My desk is out of control. This happens every few months or so, when I’ve been juggling a variety of projects at the same time, and I have a pile for this, here, and a pile for that, there. After a while, the piles start crowding out any space in the middle, and I feel like I have nowhere to work or room to think.
Then I start moving piles to corners of my office. Problem is, the piles get dispersed, but I don’t make a decision about filing or tossing and the clutter remains unresolved. It just seems to follow the biblical injunction to be fruitful and multiply.
This proliferating clutter seems to mirror what’s going on in my life. I’m trying to do too much. I know this. I know I need to make some decisions about priorities and focus. I’m working on it. The trick is to keep this from becoming yet one more project that piles up.
I used to pride myself on my ability to multitask—the modern-day badge of honor, especially for women who juggle family and career. It’s an important skill-set, sometimes crucial for getting through the day. But there is growing evidence that multitasking isn’t necessarily such a virtue. In fact, multitasking can actually reduce productivity by up to 40 percent.
It can also be fatal—as in texting while driving.
The older I get, the more I want to declutter—my desk, my to-do list, my home, my mind. I want to eliminate the stuff that isn’t necessary and concentrate on what’s really important. I want to be able to focus on one thing at a time and give it my full attention, then move on to the next. Quality over quantity.
Essential for any well-lived life, but all the more so when you are managing a chronic disease, spend too many hours in doctor’s appointments each month and want to make the most of the time you have, especially those days when you’re feeling strong and alert and have energy in reserve.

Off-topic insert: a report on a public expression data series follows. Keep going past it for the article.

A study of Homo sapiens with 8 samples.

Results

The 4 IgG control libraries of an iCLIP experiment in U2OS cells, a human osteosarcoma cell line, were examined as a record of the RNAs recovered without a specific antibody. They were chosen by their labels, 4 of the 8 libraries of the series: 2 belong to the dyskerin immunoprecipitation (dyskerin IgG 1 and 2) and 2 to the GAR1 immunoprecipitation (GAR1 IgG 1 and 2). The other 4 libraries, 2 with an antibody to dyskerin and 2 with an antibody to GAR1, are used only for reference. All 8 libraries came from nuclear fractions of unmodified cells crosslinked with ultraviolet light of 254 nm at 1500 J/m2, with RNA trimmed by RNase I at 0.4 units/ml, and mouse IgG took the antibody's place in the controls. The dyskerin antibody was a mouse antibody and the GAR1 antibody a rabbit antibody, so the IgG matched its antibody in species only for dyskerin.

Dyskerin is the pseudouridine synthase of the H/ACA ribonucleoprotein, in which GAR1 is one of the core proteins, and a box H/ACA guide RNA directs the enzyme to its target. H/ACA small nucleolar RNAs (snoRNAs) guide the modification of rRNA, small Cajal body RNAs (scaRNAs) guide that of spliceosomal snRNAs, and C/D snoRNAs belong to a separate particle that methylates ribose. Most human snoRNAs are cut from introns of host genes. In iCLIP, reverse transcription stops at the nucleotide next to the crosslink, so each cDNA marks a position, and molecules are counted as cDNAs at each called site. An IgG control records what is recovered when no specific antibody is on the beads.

Where to begin?
It seems that whenever I clear my desk, I begin to clear my head. I’ve also found that making a series of small adjustments over a longer period of time—rather than undertaking a major, exhausting purge—adds up to a significant, nuanced change of habit.
So my goal is to pick one pile, one drawer, one small corner to declutter each day—a small project that takes only about 10 minutes. Over the course of a week or a month, I hope to clear my space and clarify my priorities.
The Jewish High Holidays come early this year, the first week of September. The weeks leading up to Rosh Hashanah, the Jewish New Year, are a time for reflection and introspection—how to do better, be better, mend what needs tending and start afresh.
There’s a lot more to it than clearing your desk. But that’s as good a place to start as any.
Photo Credit: Dimmerswitch via Compfight cc
Evelyn Herwitz blogs weekly about living fully with chronic disease, the inside of baseballs, turtles and frogs, J.S. Bach, the meaning of life and whatever else she happens to be thinking about at livingwithscleroderma.com.
Kathy Pulda says
I will simply state, so as not to clutter the comment box, my thoughts exactly!
Pat Bizzell says
Inspiring! I totally agree about the need to do less multi-tasking. I’ve been trying to attack my clutter one small corner/drawer at a time, but you inspire me to get after it a little more aggressively. Somehow the removal of actual clutter (in my case, old class notes and ancient tenure files) works symbolically to help clear the mental clutter–you are absolutely right about that.